I’ve ranted here before about finding time for myself, taking care of me, and not feeling like I have permission from anyone – least of all myself – to do so.
My closet may be forcing me to.
See, as we’ve been working on potty training, I’ve been doing laundry a lot more often. A lot. And it’s okay: the laundry room is located on the same floor as the bedrooms, so it’s kind of becoming a part of the daily routine and it doesn’t feel like I’ve been banished to the bowels of the house to take care of this essential task. Unless you count the fact that the litterbox also lives in the laundry room. Depending on the cats, and what they’ve recently ingested, it starts to smell kind of bowel-y. But I digress…
I began to realize that I’ve been washing the same clothes for myself every few days. I also realized that I’m not washing any of the clothing I see my husband wear when he walks out the door to go to work in the morning. He’s still wearing those clothes when he comes home at night, so I know they’re not disappearing at the office. They’re just not making regular appearances in the hamper. But that’s a battle I’ve fought before and will fight again.
My clothing supply has dwindled, for a number of reasons:
- I am a parent now. And experience has taught me that, while I may put together one outfit in the morning to wear for the remainder of the day, it may not be what I wind up actually walking out the door wearing due to any number of accidents involving food, biohazards, or carefully placed drawing instruments. There have been a few wardrobe fatalities along the way, and while they received a proper burial in the garbage can or rag bag, they were never replaced.
- I hate trying on clothes. We all have our body image and self esteem issues, so no need to go any further on this one. I think you know what I’m talking about. But if I may offer a suggestion to retailers large and small: installing complimentary mini-bars in your fitting rooms, especially during swimsuit season, would win you legions of loyal shoppers. Just saying.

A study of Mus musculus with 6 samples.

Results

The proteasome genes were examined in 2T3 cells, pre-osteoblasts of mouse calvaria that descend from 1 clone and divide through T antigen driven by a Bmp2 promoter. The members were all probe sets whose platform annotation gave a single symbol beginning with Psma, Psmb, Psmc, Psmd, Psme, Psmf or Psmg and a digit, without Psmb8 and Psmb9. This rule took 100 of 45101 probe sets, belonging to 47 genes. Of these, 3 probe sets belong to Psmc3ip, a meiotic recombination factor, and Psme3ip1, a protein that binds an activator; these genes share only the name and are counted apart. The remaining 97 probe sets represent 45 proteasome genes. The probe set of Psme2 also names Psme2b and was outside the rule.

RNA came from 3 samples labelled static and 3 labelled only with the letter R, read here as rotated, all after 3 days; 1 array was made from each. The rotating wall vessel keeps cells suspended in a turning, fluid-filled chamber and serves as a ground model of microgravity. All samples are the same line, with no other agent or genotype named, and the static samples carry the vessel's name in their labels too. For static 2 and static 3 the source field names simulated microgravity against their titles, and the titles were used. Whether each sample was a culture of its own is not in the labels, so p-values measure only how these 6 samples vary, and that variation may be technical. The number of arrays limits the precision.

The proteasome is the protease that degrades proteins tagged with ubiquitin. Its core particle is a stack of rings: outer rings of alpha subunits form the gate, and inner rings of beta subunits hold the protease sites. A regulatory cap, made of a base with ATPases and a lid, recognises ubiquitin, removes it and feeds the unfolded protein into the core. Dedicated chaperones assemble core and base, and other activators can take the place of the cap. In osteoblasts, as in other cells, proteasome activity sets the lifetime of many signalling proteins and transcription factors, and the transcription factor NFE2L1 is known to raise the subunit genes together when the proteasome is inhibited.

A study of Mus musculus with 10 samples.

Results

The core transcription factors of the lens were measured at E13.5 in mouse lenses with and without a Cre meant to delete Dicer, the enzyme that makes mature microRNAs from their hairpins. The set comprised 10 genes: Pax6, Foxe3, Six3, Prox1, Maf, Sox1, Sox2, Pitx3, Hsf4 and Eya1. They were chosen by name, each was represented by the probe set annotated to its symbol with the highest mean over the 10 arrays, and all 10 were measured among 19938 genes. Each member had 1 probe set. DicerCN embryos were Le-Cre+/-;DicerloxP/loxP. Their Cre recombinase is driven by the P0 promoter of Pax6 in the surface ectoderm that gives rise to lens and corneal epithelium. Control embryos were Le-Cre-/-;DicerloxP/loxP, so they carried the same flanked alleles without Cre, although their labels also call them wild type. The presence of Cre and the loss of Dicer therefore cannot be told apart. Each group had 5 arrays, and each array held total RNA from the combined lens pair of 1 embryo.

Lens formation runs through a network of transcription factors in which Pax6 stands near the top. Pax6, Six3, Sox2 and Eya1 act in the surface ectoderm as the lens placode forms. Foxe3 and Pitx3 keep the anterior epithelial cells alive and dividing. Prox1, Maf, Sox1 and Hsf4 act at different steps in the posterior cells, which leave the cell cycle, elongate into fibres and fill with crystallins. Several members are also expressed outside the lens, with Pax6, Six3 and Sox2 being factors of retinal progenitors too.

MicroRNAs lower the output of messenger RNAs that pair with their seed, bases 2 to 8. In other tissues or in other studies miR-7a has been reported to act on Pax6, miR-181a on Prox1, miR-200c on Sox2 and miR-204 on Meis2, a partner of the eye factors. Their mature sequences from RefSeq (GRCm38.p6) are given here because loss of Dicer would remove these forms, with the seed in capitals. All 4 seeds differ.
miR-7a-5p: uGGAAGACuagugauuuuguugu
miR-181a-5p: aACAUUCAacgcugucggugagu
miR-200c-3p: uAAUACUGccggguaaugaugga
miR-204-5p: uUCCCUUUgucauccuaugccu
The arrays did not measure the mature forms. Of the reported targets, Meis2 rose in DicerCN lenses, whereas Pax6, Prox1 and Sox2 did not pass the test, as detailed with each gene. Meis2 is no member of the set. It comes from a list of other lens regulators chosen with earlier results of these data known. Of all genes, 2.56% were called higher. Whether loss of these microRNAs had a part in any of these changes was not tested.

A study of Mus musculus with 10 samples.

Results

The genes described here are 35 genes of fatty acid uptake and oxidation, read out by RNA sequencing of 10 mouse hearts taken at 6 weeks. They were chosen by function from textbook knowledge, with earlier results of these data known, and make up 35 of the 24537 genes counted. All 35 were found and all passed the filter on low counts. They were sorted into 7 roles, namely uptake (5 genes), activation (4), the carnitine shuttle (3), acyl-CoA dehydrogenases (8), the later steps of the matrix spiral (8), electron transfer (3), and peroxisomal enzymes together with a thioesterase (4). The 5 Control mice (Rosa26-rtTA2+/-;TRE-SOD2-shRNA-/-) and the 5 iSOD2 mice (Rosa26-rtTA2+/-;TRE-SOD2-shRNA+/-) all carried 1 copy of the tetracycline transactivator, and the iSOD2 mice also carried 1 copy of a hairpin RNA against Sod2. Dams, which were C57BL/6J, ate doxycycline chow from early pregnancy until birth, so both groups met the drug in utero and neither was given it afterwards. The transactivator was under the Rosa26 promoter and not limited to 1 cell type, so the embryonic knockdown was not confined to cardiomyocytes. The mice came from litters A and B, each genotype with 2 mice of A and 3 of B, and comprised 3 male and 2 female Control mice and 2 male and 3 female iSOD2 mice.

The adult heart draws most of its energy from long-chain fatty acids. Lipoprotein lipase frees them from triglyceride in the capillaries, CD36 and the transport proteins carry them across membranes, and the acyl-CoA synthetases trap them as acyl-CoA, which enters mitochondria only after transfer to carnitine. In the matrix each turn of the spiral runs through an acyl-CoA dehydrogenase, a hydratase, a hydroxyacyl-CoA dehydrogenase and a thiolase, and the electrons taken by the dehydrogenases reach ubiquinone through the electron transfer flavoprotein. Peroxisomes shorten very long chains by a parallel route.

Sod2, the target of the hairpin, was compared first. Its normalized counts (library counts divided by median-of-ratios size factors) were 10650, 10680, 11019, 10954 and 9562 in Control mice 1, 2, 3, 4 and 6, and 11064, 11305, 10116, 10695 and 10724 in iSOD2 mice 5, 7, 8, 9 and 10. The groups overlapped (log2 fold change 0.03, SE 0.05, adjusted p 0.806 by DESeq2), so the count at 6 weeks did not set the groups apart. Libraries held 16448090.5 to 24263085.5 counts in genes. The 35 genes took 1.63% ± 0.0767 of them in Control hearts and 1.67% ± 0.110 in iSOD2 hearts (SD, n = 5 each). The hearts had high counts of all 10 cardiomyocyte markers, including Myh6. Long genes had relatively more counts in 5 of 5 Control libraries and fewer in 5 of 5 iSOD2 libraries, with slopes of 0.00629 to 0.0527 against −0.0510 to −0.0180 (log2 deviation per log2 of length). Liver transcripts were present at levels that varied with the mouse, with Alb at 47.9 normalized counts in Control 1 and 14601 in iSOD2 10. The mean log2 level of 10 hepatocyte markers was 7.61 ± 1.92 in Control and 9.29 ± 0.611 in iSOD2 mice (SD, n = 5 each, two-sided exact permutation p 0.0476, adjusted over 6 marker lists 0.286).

- It’s not the priority it should be. In the grand scheme of things, we’ve got various financial goals we’re trying to meet, so something that I should think of as essential – like clothing – just isn’t. It’s easy to say “I just can’t invest in this right now, and I want to be able to invest in this part of life, not just safety-pin my way through a burgeoning wardrobe crisis.”
- It’s way more fun, and due to his rate of growth, way more important, to spend my shopping energies on clothing our son.
- In addition to it not being a financial priority, there’s also a new level of label snobbery: “machine washable” are the words I drool over these days. I am done with dry cleaning. Because, hard as it is for me to even buy the darn clothing items, the act of sorting items I may not wash at home from those I may, then delivering them to the facility that’s open only certain hours, and then reclaiming them and paying a ransom to have them released back to my custody is not reasonable in my schedule. Finding something that I get excited about, and that I feel flatters me, that I can throw in the wash is akin to searching for the Fountain of Youth.
- My workplace dress code is somewhat “liberated.” Not that I’m showing up to the office wearing tank tops and bedazzled jeans, it’s just more laid-back, with a wonderful lack of pressure to conform to a visual standard. Be neat, be presentable. That’s what’s asked of me. So my work and home wardrobe lines are a bit more blurred.
- I keep thinking I’m going to wake up one morning with all the unwanted fat deposits in my body magically melted away, so shouldn’t I wait to buy the clothes until that happens?
It’s time to go shopping. But not a blitz, I’m not strong enough for that. Not a shopping experience a’la Pretty Woman, my bank account is definitely not strong enough for that. But I need to start taking baby steps. Find my way around my insecurities and make sure I have some proper layers to pile on before the cold weather sets in.
This is definitely a behavioral change. When I think back, almost all clothing ventures have been lumped into events. Time to go back to school? Better buy now for the entire year. Got that first real job? Off to the department store! I need to help myself realize that – rather than tackling many pieces and looks at once, which is what I’ve felt like you had to do – it’s okay to take this process one step, one outfit at a time.
Where will this begin? In the closet.
Before setting a toenail inside any store, I need to be brutally honest with myself about how many articles of clothing I have, and how many I actually wear. Shoes too. And then look for the gaps in what I need, as well as set some rules about a budget that I and the rest of the household is comfortable with for correcting this. I know I need:
- Clothing I’d be comfortable wearing to a client meeting
- Clothing I’d wear on a date, or just on days when I want to feel pretty
- Clothing that fits and doesn’t make me feel self-conscious.
- Clothing that fits my machine-washable, multiple-outfit-changing, not-glamorous-but-still-worth-feeling-like-I’m-worth-it life.
Fasten your seatbelts. This could get a little rough.